Reflections of a Political Economist: Selected Articles on Government Policies and Political Processes

By William A. Niskanen | Go to book overview

41. A Personal Reflection on the Trinity

Good morning. Today is Trinity Sunday, the sermon for which many rectors assign to a seminarian. For the church has never been very clear about the doctrine of the trinity, and a seminarian would at least remember the orthodox version.

My brief remarks this morning summarize how this one lay Christian has come to terms with the Nicene Creed. I must acknowledge that I have repeated the Creed almost every Sunday for years but with little more understanding or conviction than when I sang the Creed twice last weekend—in Church Slavonic! As a lay Christian, I do not have the education of a seminarian or the disciplined reflections of an ordained minister. As a consequence, I recognize that my understanding of the several sources of Christian authority on this issue is only “as through a glass darkly.”

As a former Baptist, I am first inclined to look to the authority of the Scriptures. As it turns out, the Scriptures do not provide very clear guidance on the doctrine of the trinity. The word “trinity” is not included in the New Testament. The most explicit description of the trinity is a passage in the First Epistle of John that “There are three that bear witness in heaven: the Father, the Word, and the Spirit, and these three are one.”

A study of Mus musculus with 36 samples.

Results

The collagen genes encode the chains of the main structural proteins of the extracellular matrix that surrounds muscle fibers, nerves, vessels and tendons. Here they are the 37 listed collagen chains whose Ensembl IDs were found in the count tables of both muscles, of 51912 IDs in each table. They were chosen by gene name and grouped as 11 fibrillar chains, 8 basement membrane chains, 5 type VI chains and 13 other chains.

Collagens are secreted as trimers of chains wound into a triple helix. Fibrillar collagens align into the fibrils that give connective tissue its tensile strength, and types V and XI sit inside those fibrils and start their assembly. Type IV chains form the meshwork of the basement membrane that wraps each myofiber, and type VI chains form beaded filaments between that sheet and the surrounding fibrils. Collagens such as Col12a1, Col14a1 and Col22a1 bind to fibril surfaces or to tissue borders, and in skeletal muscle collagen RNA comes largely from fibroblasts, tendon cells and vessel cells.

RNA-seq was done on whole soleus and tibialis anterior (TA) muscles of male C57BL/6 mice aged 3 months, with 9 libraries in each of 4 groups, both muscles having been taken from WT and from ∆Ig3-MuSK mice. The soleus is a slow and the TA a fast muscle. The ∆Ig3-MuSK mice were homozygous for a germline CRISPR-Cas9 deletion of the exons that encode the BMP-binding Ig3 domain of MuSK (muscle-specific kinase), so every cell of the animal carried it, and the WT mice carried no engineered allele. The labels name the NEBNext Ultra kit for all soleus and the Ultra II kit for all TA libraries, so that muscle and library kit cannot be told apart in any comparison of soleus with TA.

The problem is that there is no record of this passage in the early Greek manuscripts; this passage is almost surely an insertion by Jerome or some later Latin scholar. And the doctrine of the trinity may also reflect a misleading translation. Both the Greek and Latin words that have been translated as “persons,” as in “One God in Three Persons,” would be more accurately translated as “masks,” as in “One God in Three Masks.”

This lay sermon was presented on Trinity Sunday in June 2006 to Christ Church,
Washington Parish in Washington, D.C.